What is Humidity? - Definition, Measurements & Effects

  • 0:44 Relative Humidity
  • 3:31 Dew Point
  • 5:24 Humidity Affects Water…
  • 6:49 Lesson Summary
Instructor: Sarah Friedl

Sarah has two Master's, one in Zoology and one in GIS, a Bachelor's in Biology, and has taught college level Physical Science and Biology.

Humidity is an important aspect of the atmosphere because it affects both weather and climate. In this video lesson you will learn about the different types of humidity and understand how temperature affects water vapor in the air.

What Is Humidity?

Ever heard the phrase 'It's not the heat, it's the humidity'? People say this because humidity, which is the amount of water vapor in the air, can make hot temperatures even more unbearable than they already are. Humidity is actually a broad term, and we can describe different types of humidity in different ways.

Humidity is an important thing to understand because it affects both weather and climate as well as global climate change. Humidity also affects indoor environments, so understanding it can help you determine the best place to store your books, clothing and other important items in your house.

Relative Humidity

You've probably heard about relative humidity in weather reports. This is the amount of water vapor in the air relative to what the air can hold. Think about it this way: if you have a cup that is half-full of water, the cup contains 50% of what it can hold. Air works the same way.

Let's say that a certain parcel of air can hold 30 grams of water vapor per cubic meter of air, but it only has 15 grams of water vapor per cubic meter of air. We simply divide the amount of water present by the amount of water possible, so 15 divided by 30, and then multiply it by 100 to get a percent. So in this case, 15 / 30 = 0.5, multiplied by 100 gives us 50%. So the relative humidity is 50%, which means the air contains about half of the total water vapor it could possibly hold.

It's important to know that warm air can hold more water than cold air. You can think of different temperature air like different size cups: smaller cups hold less water than larger cups, right? In this case, cold air is a smaller cup and warm air is a larger cup. So when the air is colder, the same amount of water vapor will produce a higher relative humidity than the same amount of water vapor in warmer air. This is because we have to consider the amount of water vapor relative to what the air can hold.

Let's look at an example. You have two cups, one that can hold a maximum of 12 ounces and one that can hold a maximum of 24 ounces. Now put six ounces of water in each cup, and you'll notice that the smaller cup is fuller than the larger cup, even though they have the same amount of water in them.

There are 6 ounces of fluid in the 12-ounce cup, so 6 / 12 * 100 = 50%. There are 6 ounces of water in the larger cup as well, but this cup can hold a total of 24 ounces. So, 6 / 24 * 100 = 25%. If the 12-ounce cup represents cold air and the 24-ounce cup represents warm air, the relative humidity for the cold air is 50%, but for the same amount of water in warm air, the relative humidity is only 25%.

How full the cup is relates to how much the cup can hold overall. When we apply this to air, we can see that for the same amount of water vapor, the relative humidity will be higher for cold air than for warm air because the cold air is 'fuller' from the same amount of water.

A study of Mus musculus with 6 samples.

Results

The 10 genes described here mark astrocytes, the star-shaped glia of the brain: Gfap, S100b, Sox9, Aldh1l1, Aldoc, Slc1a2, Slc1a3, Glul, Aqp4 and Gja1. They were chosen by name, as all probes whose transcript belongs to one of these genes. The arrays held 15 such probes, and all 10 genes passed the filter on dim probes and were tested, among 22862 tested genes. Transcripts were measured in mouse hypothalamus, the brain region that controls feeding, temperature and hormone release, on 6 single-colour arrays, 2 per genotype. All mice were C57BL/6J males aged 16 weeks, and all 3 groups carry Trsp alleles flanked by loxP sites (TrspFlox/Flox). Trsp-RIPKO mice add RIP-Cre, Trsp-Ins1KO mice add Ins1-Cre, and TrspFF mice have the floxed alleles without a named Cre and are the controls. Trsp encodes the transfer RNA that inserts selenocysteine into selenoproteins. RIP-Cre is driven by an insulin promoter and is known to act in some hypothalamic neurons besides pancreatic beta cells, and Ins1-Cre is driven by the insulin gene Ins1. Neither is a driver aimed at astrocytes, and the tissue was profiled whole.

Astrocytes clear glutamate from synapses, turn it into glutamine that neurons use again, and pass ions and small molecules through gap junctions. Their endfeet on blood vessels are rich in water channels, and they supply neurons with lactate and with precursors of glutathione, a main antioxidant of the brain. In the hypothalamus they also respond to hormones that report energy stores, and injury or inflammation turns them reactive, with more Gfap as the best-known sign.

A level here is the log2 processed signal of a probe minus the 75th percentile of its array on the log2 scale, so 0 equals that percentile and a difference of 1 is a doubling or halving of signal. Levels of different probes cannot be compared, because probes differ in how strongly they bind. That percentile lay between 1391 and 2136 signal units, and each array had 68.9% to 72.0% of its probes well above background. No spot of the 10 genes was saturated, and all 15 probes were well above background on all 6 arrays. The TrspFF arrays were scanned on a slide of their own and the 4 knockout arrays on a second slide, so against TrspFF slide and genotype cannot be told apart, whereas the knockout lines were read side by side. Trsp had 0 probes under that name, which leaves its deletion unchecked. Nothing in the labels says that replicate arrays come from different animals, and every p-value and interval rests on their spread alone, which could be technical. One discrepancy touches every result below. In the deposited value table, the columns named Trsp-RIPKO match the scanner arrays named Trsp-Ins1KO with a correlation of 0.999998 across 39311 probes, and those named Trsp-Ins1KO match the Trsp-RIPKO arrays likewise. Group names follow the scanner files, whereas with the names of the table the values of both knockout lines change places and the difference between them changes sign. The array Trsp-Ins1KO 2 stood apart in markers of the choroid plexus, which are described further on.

Dew Point

When air becomes saturated, this means that it contains the maximum amount of water vapor possible. Just like relative humidity differs with different air temperatures, saturation is also temperature-dependent.

Remember our cups from before? Saturation occurs when the cups are completely full of water. Just like the smaller cup needs less water to become full, cold air becomes saturated from less water than it takes to saturate warm air. And just like if you kept filling the cups even though they were already full, the water would have to go somewhere, so it would spill out over the cup and fill the surrounding area.

Dew is when water condenses at ground level because the air is saturated. Just like the water spills over the side of the full cup, when air is saturated, the excess water 'spills over' and builds up on leaves, cars, buildings or anything else that is surrounded by the saturated air.

Therefore, the temperature at which saturation occurs is called the dew point. You most commonly see dew in the morning because air temperature goes down overnight. And remember, cold air can't hold as much water, so it's like you're taking the larger cup (warm air) and pouring it into a smaller one (cold air). There's simply not enough room, so it 'spills over' as dew.

Interestingly, this same condensation process occurs in the sky, but when this happens, clouds are created. Clouds are water condensation above ground level due to air saturation. So when you see the condensation on your patio furniture in the morning, this is dew. However, when you see it floating by as a white, puffy shape in the sky, this is a cloud!

Humidity Affects Weather and Climate

Humidity plays an important role in both weather and climate on Earth, and we should be thankful that it does because it makes our planet hospitable for us! Water vapor is a key greenhouse gas, which helps block harmful UV rays from the sun as well as traps heat on Earth that makes life possible.

Water vapor in the air comes from water on land and in the oceans. It evaporates into the air, which is an important part of the water cycle on Earth. Without this step, we would have no rain or snow, which help cycle water back to the ground and feed our rivers, lakes and streams that we depend on for drinking water.